This month, Dreamplex, which has five coworking spaces in Hanoi and HCMC, unveiled a service called temporary office for companies with at least four payrolls.
With three facilities in HCMC, cirCo recently provided an online meeting solution for businesses that lack equipment and technicians.
A few days before HCMC imposed social distancing in early June, Toong inaugurated a new 1,250 m² coworking space in District 3 after a precedent in March in District 1.
Its CEO, Duong Do, said 75% of the new District 3 office had been booked even before it opened.
“The pandemic has helped us to become more precise and more flexible in the design of our services,” he said.
At the start of last year, Toong’s occupancy rate was 80% in HCMC and 70% in Hanoi, but since mid-2020 it has risen sharply.
The number of customers in the capital tripled during the pandemic, with revenues increasing by about 15% in 2020, Do said.
Balder Tol, general manager of WeWork for Australia and Southeast Asia, said VnExpress that the demand for coworking spaces is on the rise.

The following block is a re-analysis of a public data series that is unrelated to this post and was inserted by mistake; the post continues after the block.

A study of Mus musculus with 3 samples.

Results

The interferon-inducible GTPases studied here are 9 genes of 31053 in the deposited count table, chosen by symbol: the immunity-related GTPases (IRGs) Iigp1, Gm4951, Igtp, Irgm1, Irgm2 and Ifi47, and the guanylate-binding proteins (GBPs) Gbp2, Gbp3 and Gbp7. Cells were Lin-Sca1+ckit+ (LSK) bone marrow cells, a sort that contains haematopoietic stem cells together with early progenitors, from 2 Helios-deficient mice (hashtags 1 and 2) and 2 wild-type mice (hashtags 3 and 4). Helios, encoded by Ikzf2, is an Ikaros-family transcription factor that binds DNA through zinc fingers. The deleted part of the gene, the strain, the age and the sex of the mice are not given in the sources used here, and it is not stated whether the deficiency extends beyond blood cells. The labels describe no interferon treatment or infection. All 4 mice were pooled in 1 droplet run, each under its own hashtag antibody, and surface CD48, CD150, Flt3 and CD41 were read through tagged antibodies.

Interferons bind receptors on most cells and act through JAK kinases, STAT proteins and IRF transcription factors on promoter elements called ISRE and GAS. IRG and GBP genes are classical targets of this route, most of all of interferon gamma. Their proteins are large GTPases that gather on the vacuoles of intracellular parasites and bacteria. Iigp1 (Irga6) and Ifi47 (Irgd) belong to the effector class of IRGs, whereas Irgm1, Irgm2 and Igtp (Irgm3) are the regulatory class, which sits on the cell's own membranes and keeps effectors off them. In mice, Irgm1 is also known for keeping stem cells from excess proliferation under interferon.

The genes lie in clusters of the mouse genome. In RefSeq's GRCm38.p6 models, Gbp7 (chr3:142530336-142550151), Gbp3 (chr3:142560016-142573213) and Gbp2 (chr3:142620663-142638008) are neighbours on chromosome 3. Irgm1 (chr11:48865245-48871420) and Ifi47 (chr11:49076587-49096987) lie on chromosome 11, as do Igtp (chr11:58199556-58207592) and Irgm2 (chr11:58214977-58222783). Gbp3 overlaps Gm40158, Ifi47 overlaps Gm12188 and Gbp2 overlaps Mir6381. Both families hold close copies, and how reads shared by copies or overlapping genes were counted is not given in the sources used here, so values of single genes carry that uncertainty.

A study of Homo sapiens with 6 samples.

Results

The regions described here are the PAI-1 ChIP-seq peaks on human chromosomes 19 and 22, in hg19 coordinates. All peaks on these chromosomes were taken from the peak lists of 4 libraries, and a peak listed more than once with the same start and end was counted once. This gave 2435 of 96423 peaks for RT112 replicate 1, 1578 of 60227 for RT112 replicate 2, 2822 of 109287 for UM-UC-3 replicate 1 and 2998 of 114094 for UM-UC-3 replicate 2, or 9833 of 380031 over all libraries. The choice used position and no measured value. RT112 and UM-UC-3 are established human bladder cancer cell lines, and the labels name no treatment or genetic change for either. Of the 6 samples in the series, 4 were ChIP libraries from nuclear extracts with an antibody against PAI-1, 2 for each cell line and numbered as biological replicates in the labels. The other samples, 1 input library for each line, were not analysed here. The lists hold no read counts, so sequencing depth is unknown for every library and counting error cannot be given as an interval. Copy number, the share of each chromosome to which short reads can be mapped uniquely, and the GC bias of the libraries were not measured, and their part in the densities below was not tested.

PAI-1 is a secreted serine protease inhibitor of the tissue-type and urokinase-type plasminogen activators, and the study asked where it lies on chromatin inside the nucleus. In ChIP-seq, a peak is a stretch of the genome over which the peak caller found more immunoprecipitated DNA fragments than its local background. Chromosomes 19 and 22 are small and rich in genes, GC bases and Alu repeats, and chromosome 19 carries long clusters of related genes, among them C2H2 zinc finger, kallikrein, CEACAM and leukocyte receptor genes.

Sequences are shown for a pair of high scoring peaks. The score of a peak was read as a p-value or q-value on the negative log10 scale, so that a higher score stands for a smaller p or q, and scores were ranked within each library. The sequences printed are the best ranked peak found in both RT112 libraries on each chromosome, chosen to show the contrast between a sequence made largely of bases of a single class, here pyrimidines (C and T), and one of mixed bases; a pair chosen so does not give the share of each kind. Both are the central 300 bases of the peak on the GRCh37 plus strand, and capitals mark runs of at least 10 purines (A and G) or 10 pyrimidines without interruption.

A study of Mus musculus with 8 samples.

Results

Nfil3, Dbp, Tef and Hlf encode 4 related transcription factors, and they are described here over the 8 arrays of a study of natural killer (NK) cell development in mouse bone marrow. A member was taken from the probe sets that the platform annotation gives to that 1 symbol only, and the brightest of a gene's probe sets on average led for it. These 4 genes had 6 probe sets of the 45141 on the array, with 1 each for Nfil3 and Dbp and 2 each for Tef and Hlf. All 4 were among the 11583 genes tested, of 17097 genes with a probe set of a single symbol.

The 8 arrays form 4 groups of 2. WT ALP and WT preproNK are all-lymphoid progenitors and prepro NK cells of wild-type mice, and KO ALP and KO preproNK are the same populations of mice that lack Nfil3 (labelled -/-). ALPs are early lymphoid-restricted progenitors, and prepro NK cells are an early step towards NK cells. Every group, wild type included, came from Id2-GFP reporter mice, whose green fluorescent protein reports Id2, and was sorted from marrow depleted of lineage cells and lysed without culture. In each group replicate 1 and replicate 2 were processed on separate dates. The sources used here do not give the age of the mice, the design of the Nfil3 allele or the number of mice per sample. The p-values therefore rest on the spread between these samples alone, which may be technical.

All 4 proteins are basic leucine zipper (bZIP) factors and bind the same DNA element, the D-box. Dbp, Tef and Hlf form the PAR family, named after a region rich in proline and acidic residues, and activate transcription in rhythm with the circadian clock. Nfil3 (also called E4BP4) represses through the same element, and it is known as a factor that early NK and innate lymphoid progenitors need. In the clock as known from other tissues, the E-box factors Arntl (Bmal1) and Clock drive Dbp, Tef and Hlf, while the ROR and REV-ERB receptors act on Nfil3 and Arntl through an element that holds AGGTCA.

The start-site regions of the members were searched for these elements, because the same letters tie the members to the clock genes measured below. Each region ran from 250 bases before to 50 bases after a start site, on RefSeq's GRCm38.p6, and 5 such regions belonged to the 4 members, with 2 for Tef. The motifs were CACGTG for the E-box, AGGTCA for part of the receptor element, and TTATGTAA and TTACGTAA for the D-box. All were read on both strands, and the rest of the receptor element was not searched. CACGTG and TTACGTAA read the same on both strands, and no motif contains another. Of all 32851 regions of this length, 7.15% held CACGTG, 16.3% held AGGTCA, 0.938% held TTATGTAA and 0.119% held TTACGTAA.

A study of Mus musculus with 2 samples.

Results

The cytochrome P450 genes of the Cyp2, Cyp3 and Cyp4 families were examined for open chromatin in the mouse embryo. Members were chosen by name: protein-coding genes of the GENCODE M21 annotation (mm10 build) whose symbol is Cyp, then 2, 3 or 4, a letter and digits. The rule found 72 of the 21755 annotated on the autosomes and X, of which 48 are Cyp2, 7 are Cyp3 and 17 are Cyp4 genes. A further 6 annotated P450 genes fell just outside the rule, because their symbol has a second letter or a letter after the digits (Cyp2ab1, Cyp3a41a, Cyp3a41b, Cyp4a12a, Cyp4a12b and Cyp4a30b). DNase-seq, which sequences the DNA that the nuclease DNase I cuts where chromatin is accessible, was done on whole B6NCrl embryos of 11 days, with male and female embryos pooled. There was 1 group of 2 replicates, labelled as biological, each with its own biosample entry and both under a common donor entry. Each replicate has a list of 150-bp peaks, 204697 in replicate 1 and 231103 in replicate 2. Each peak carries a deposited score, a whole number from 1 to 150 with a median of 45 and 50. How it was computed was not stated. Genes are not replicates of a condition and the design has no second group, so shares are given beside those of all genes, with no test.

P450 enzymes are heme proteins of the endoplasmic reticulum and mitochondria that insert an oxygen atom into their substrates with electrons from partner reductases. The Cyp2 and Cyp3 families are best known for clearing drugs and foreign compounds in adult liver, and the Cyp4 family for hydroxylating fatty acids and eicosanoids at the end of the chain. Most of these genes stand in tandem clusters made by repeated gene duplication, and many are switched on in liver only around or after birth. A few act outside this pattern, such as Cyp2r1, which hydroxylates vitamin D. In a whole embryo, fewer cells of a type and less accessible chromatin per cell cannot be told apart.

The first wave of Covid in Vietnam last year only slightly affected demand as many companies allowed their staff to work from home.
However, as the pandemic dragged on, they began to pay attention to coworking spaces, and small businesses now tend to seek flexible rather than traditional workspaces, he said.
Some coworking space operators are ready to expand. Toong is about to open a new facility in HCMC and plans other facilities in Hanoi and Da Lat and to cooperate with Wink Hotels for three projects in Da Nang and Can Tho.
Dreamplex announced plans to open a new facility in Thu Duc town in HCMC in October and in District 4 in November.
But businesses face challenges in achieving sustainable growth, as serviced offices are more suited to startups or businesses employing 30 people or less, according to real estate experts.